An index measuring returns adjusted by price fluctuations shows the billionaire chairman and chief executive officer of Berkshire Hathaway Inc. (BRK/A) has done better than every long-lived U.S. stock and mutual fund.
Looking at all U.S. stocks from 1926 to 2011 that have been traded for more than 30 years, a paper published this week by the National Bureau of Economic Research calculated that Buffett’s so-called Sharpe ratio is 0.76 since 1976. That was about twice the stock market’s 0.39.
The ratio is also larger than all 196 U.S. mutual funds that have been around for 30 years. The median Sharpe ratio for them is 0.37.
The review of Buffett’s investments concluded he has been rewarded for his use of leverage, coupled with a focus on cheap, safe, quality shares.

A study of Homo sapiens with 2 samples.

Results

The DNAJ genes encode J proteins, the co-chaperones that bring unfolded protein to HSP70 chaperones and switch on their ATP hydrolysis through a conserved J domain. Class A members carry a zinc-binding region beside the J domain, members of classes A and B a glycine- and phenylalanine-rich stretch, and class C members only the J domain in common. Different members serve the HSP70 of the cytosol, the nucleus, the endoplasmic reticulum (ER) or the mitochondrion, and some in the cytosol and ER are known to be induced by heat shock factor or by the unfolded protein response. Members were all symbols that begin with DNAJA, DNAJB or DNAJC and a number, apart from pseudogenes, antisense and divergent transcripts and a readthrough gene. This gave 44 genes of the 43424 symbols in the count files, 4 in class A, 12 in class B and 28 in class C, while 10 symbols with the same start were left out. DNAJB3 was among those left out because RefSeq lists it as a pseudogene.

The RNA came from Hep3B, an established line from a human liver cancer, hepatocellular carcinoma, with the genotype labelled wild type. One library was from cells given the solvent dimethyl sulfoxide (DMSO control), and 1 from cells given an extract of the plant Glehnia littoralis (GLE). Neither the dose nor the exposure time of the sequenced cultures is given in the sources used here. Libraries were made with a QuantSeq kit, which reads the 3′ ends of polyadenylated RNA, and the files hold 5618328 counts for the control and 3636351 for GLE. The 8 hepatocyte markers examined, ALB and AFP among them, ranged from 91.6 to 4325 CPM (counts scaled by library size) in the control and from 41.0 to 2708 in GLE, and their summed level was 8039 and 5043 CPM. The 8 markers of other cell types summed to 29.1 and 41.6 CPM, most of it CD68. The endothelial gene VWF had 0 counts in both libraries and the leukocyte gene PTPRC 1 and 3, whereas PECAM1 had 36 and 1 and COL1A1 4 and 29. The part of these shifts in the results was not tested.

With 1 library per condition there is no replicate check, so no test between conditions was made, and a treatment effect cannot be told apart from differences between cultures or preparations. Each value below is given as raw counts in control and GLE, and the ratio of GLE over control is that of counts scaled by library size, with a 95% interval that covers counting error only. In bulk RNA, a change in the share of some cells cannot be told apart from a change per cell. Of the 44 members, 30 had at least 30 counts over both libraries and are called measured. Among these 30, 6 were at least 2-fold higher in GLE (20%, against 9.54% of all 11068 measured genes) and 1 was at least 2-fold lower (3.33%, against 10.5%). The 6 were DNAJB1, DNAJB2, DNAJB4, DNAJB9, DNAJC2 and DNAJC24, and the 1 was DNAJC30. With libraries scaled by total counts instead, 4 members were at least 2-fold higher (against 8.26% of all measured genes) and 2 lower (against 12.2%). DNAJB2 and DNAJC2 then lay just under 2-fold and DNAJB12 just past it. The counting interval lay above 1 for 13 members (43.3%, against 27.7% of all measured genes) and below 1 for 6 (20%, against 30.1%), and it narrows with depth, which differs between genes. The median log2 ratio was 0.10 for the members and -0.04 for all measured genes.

The study said Buffett is willing to take on borrowing to finance investment, then picks stocks that have low volatility, are cheap -- with low price-to-book ratios -- and are high quality, meaning they are profitable and have high payouts.
By breaking down Berkshire Hathaway’s portfolio into ownership of publicly traded stocks versus wholly owned private companies, the authors also found the tradable equities performed best. That suggested to them that Buffett’s returns are due more to stock selection than to the pressure he puts on companies he has stakes in to improve their management.
“Buffett’s performance appears not to be luck, but an expression that value and quality investing can be implemented,” said Andrea Frazzini and David Kabiller of AQR Capital Management LLC and Lasse H. Pedersen of Copenhagen Business School. “If you travel back in time and pick one stock in 1976, Berkshire would be your pick.”